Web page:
Written by on 22 November 2020

Rishi Sunak has told Sky News there will be no return to austerity in his upcoming spending review, but hinted at a future public pay freeze.

Speaking to the Sophy Ridge on Sunday programme, the chancellor said any wage settlements needed to be considered “in the context of the wider economic climate”.

However, Labour has warned a cap on public sector pay would be “a kick in the teeth” for frontline workers who provided support through the pandemic, while unions have argued it would be “morally obscene”.


However, ahead of his spending review, he has also warned over the state of the nation’s finances and the need to get them back on a sustainable footing.

The chancellor told Ridge: “You will not see austerity next week.

“What you will see is an increase in the government spending on day-to-day public services and quite a significant one, coming on the increase that we had last year.”


“I think it would be fair to also think about what’s happening with wages, with jobs, with hours, across the economy when we think about what the right thing to do in the public sector is,” he added.

But Labour’s shadow business minister Lucy Powell told Ridge: “Of course it would be morally absolutely a kick in the teeth, wouldn’t it, for all those frontline workers who helped support us through this pandemic from the bin collectors to those working in public health, in the mortuaries, the fire fighters and so on.

“It would be an absolute kick in the teeth for them after what has been an horrendous few months and might still be a difficult few months to come.”

Speaking on the same programme, Frances O’Grady, head of the TUC federation of trade unions, said: “There’s still time for the Government to step back and I would encourage them to think again, this is not smart politics, it’s morally obscene and it’s bad economics too.”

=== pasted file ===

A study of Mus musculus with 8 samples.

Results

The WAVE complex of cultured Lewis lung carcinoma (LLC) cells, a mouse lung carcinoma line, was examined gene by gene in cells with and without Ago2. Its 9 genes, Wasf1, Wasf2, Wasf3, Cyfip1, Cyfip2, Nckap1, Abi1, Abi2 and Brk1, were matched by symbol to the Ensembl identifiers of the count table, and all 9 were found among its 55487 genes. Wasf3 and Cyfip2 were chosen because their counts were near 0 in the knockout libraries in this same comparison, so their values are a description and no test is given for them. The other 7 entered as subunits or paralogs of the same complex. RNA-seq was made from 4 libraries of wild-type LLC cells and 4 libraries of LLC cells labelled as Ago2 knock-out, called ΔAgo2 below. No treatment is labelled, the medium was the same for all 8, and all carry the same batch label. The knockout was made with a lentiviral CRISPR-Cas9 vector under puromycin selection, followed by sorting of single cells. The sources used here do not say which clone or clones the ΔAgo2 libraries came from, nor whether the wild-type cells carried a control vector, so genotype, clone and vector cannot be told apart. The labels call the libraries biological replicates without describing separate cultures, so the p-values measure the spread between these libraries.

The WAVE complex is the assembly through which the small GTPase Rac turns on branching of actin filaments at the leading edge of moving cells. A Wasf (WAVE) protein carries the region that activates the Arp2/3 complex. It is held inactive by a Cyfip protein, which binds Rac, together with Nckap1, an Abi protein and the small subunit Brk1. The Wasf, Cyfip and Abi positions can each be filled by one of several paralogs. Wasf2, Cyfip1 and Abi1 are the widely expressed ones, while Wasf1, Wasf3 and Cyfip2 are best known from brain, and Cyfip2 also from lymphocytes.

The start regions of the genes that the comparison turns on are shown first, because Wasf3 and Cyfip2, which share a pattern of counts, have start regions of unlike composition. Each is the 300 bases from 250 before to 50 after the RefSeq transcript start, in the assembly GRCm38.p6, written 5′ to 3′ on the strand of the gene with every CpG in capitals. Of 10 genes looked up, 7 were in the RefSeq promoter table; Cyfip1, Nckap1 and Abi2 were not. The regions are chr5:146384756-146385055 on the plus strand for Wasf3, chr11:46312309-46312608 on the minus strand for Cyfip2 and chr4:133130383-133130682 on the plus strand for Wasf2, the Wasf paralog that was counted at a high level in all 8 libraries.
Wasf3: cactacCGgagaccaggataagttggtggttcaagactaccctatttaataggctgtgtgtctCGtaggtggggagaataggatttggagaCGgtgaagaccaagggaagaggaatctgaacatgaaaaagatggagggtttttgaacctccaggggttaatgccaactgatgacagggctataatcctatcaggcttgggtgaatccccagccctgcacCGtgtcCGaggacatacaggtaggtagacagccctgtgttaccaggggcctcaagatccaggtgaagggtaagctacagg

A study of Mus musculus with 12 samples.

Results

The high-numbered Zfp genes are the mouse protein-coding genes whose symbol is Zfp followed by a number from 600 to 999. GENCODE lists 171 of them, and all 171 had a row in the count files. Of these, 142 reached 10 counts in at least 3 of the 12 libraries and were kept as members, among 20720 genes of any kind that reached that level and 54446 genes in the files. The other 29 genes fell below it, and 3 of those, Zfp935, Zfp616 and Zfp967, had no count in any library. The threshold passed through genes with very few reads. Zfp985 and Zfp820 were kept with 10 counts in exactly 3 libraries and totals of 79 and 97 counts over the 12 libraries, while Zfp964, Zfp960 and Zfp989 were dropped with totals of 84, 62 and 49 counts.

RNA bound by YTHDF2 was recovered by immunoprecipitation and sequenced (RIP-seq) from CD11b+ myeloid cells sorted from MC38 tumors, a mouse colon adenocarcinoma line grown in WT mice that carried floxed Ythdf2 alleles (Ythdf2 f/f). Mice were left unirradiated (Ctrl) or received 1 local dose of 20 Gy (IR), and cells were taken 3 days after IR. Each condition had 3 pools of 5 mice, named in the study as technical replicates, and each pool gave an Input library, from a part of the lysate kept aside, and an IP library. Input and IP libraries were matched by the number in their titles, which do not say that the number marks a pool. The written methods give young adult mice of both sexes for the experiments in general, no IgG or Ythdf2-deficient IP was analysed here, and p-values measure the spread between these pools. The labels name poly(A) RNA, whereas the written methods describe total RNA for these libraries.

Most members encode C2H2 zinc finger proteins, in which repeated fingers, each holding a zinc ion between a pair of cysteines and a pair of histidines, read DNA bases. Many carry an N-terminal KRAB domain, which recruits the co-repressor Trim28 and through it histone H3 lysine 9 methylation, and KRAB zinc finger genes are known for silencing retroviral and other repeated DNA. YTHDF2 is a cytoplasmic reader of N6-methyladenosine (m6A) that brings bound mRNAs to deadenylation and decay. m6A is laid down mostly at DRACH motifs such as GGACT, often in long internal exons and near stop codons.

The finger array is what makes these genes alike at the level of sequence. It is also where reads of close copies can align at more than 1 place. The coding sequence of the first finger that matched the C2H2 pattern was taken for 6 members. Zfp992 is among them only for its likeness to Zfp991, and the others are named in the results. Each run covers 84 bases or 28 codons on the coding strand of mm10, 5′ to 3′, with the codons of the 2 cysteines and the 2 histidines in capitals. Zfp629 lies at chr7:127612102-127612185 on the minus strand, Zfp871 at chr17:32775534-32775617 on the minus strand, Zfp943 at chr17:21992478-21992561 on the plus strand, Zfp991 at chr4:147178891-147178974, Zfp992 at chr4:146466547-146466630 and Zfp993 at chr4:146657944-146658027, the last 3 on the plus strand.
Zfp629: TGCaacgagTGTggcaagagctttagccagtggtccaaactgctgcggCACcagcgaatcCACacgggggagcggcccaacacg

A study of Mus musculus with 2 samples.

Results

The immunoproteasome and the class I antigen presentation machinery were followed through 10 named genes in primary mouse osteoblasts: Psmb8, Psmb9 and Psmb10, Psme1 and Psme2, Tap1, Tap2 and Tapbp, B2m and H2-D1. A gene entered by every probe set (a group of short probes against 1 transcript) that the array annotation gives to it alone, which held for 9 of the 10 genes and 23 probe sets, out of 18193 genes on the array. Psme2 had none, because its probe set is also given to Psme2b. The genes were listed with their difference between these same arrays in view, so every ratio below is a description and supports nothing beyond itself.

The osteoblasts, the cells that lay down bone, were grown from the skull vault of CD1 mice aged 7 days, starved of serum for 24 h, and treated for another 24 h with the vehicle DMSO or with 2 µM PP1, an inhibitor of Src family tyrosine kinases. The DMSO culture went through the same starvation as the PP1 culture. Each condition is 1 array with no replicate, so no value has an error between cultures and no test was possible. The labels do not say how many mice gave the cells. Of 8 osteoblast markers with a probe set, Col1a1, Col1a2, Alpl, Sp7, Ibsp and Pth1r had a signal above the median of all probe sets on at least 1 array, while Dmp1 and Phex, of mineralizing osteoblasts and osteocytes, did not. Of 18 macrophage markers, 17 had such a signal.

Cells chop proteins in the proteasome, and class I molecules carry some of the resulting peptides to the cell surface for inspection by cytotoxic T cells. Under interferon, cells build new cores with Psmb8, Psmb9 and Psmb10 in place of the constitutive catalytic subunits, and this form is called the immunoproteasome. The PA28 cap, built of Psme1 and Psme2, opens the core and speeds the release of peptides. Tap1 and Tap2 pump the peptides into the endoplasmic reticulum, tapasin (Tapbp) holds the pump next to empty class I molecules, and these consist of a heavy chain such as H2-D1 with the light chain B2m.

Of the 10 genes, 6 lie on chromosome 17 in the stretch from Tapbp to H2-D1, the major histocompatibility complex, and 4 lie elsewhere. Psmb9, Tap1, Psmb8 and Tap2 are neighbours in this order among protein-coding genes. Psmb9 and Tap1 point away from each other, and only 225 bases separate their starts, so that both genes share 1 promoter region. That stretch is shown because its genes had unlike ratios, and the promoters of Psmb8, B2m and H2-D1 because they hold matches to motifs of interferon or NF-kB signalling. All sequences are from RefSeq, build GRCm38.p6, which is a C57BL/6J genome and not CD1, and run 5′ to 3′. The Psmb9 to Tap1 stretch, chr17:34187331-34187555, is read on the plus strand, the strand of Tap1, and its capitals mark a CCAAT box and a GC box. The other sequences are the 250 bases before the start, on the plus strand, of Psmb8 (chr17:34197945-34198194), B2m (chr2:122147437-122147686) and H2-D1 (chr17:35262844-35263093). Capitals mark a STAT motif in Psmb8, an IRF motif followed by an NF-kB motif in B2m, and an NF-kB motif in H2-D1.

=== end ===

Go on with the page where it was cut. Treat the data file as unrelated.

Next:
She added: “Surely the Government doesn’t think it can reintroduce austerity for the people who put their health, and in some cases their lives, on the line to help the rest of us.

“If you want to motivate a workforce when we are still facing a second wave of a pandemic, and we’re going to have a tough winter – we all know that – the last thing you do is threaten to cut their pay.”

Ms O’Grady also refused to rule out the possibility of strike action by public-sector workers.

She said: “I’m really conscious of the feeling out there that governments only seem to recognise the true value of labour when it’s withdrawn, but of course there is time to sort this out.

“Nobody can rule anything out at the moment, but what I am saying and asking for is that the Government stands by key workers, respects the contribution they are continuing to make, recognises that this is absolutely the wrong time to be talking about pay cuts, and instead we need to start talking about fairness.”